TheTimesTribune.com, Corbin, KY

July 16, 2013

Are we watching the real All Stars?

Like It or Not


TheTimesTribune.com, Corbin, KY

CORBIN — The most popular term over the past few weeks has probably been the term All Star.

Whether you’re talking about Little League All Stars or Major League All Stars, the subject has dominated a lot of sports conversations around the Tri-County as well as the country.

To me, an All Star should be the best player at his or her position in a particular sport, but that’s not always the case.

When you talk about Major League All Stars, the players involved are voted to the team by fans with the team’s respective manager having the final say as far as what players fill out the remainder of the roster.

Just like in any process that involves being selected, a lot of times politics play a huge part in which players are selected. Where the game is being played has a lot to do with which players get voted in because New York fans will most likely vote in large numbers to see one of their own in the mid-summer classic. The game has had a reputation of being boring, so it’s only natural to try and make it interesting by including fans that will draw a bigger crowd.

Sometimes the fact that a player may have played for the current manager in the past can help the cause of getting named to the team after the votes have been tallied and starters have been named.

There have been cases where a historically good player may not be having the best season, but is named to the squad as a way to say thanks or goodbye if they may be retiring.

Cal Ripken’s final season in 2001 comes to mind in this situation. Ripken had been an overwhelming favorite as far as the votes go, but he was slated to start at third base. New York’s Derek Jeter, who was to start at shortstop, made Ripken trade spots with him before the first pitch. With the move, Ripken was credited for starting at the position in which he had played a record 2,632 consecutive games over the course of 16 years (May 30, 1982 through Sept. 19, 1998).

When it comes to Little League All Stars, the selection process isn’t all that different from that of Major League Baseball and it too involves a lot of politics.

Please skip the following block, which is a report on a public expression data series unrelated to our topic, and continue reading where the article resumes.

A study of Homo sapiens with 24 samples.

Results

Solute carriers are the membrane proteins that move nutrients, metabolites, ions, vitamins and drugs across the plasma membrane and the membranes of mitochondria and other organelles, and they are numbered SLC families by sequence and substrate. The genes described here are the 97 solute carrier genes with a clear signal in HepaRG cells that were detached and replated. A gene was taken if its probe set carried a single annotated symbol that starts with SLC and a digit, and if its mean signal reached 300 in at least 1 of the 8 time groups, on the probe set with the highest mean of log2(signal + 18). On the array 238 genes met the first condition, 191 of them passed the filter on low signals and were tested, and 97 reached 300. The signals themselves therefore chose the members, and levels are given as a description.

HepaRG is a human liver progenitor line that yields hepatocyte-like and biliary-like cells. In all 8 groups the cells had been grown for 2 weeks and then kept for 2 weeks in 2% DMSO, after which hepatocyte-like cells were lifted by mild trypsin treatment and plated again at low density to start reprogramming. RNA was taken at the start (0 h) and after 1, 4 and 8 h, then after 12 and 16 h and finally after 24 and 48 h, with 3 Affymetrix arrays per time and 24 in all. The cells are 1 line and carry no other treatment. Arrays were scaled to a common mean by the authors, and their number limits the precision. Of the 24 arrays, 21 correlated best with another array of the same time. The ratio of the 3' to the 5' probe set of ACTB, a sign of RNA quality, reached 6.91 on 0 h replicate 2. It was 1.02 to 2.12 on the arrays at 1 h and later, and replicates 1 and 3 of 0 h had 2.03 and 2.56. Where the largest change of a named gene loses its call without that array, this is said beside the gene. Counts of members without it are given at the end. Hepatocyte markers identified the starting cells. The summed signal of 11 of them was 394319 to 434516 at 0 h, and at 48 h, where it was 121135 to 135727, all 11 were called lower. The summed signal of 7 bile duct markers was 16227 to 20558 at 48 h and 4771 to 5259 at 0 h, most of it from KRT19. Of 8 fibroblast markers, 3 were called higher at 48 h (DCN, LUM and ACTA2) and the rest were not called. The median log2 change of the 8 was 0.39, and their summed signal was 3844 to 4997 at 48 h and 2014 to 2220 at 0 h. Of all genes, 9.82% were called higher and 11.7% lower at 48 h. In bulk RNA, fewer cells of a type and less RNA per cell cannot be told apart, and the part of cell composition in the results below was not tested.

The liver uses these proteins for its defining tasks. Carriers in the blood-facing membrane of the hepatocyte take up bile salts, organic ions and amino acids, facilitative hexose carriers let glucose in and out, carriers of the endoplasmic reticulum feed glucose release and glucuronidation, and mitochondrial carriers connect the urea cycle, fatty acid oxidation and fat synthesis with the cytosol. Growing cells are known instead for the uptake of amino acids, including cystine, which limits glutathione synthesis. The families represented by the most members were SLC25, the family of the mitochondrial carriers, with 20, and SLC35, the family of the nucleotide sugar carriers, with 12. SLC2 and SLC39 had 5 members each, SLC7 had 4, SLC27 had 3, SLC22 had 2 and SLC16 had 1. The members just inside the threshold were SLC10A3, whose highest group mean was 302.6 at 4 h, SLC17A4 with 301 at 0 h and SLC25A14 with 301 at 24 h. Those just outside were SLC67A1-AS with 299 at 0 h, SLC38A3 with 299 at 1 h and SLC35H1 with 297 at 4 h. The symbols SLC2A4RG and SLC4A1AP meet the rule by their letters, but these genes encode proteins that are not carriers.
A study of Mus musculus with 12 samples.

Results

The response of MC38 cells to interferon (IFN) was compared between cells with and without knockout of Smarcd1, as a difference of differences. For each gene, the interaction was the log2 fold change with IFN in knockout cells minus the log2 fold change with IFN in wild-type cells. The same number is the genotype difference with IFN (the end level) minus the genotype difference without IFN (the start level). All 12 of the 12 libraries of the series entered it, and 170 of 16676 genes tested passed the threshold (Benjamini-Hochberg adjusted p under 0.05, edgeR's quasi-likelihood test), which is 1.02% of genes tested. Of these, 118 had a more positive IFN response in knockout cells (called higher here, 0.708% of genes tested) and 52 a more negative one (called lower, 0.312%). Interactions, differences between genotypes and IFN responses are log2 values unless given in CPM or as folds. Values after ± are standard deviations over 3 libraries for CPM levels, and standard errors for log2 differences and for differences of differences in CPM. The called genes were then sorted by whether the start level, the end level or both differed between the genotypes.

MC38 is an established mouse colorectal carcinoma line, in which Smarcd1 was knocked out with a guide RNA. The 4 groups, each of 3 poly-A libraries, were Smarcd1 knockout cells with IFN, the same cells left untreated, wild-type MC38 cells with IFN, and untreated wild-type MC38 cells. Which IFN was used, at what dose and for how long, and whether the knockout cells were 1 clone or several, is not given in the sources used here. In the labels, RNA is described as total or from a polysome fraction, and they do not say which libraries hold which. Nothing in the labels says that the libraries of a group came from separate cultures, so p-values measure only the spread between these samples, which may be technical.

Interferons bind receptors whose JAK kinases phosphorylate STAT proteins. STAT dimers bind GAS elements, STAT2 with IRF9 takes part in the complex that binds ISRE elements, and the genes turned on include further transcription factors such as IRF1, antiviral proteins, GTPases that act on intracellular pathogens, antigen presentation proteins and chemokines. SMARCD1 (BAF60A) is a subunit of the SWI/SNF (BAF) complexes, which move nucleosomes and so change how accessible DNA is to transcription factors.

Having been a part of the Little League selection process I’ve seen firsthand how the teams are selected, but that doesn’t mean I agree with it.

I feel the same way I do about the big boys as far as selection, but for a couple of reasons, I’m not sure there’s an accurate way to figure out the best players at each position.

When it comes to statistics during a Little League season there’s really no way to keep an accurate stat line unless the league or team uses a product like GameChanger, which is something used by a lot of leagues locally.

The program allows leagues to score games electronically and it also stores the stats and history of every game if it’s used correctly. Personally, I love GameChanger and it has opened a door to stats that has otherwise been closed to reporters on the Little League and high school level. That’s another column for another day, so I’ll go on.

I guess the point I’m trying to make is that too many times All Stars are chosen for the wrong reason.

Whether they’re chosen because they’ll draw a larger crowd or the fact that their parents hold a high profile job in the local town, it’s not always the right choice.

An All Star should be the best player at a respective position, case closed. Until that’s the case, like it or not, baseball fans are being fooled into thinking they’re watching the best players in the sport compete against each other.

Oh well, the annual celebrity softball game is usually more fun to watch than the MLB All-Star Game anyway.